The Sacramento Bee reports that California assemblywoman Shirley Weber has introduced legislation that would give groups that represent retirees free access to the California Public Employees’ Retirement System (CalPERS) mailing list. The legislation is sponsored by the American Federation of State, County and Municipal Employees:

Assembly Bill 785 forbids them from using the CalPERS mailing information to send out political mailers, but recruiting brochures, benefit pamphlets and the like are in bounds.

Materials that pass muster would go to a direct-mail firm picked by CalPERS and the member organization.

The contracted company would use the list to address the mailers. It would then destroy the information to keep it from misuse.

The retiree associations would have to pay “any and all reasonable expenses of the mailing,” according to Weber’s bill, and wouldn’t have direct access to the mailing information itself. The bill doesn’t require the groups to pay for the data.

Similar lists purchased from companies would cost “thousands, if not tens of thousands, of dollars,” said Sacramento State marketing expert Dennis Tootelian, “and that’s for each time you’d use it.”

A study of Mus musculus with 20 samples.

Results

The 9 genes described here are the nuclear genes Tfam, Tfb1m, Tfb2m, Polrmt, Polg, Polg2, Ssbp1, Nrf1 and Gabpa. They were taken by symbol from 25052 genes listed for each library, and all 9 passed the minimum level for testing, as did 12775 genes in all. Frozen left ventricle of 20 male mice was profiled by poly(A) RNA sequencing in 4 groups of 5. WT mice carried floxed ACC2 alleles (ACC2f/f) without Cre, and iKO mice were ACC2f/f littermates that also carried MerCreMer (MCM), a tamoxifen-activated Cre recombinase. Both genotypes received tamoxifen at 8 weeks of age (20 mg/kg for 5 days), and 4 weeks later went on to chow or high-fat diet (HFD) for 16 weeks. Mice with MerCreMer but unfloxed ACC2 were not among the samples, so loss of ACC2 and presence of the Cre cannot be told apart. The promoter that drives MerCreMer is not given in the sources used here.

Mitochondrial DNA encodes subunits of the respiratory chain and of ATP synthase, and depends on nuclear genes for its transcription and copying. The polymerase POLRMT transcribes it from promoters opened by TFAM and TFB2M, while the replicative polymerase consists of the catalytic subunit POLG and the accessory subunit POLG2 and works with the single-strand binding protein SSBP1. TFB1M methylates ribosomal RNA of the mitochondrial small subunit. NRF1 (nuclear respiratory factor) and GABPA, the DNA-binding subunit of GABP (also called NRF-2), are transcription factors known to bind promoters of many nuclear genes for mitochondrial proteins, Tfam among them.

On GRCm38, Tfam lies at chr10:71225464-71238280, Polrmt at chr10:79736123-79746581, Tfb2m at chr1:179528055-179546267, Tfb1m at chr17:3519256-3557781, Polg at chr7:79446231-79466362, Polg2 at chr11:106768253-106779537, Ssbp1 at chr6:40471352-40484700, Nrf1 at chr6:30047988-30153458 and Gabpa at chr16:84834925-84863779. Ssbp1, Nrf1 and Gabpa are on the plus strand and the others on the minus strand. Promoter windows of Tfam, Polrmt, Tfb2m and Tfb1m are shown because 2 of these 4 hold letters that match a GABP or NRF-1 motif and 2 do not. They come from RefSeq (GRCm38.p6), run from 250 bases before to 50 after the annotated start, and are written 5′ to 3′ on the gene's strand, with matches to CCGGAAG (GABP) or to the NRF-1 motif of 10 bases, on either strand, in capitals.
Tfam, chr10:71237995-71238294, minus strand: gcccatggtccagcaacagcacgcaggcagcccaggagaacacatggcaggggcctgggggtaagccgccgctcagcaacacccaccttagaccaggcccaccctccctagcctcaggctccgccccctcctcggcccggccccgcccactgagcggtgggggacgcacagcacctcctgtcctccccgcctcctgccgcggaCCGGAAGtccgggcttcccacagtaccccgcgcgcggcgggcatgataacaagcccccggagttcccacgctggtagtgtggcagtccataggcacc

Those private mailing lists often contain errors, he said, whereas CalPERS’ data – the foundation for distributing pension checks and important notices to members – is highly accurate.

And sortable. Income, gender, age – CalPERS has all that member information much more.

“Whew,” Tootelian said Wednesday after thinking about it. “That’s an A+ mailing list at zero cost.”

The employee groups might even parlay the deal to make a few bucks.

Say the XYZ Retirees’ Association fires off a recruiting mailer that highlights cruise discounts or preferred insurance rates for its members. It could do that in exchange for a fee from the cruise line and the insurance company.

“What a great business deal,” Tootelian said. “The unions make the money and CalPERS gets nothing.”

As it happens, both Weber and AFSCME have experience in what can go wrong when you use an out-of-date mailing list. Last year, AFSCME reportedly sent out a mailer on behalf of then-candidate Weber to the wrong voter district.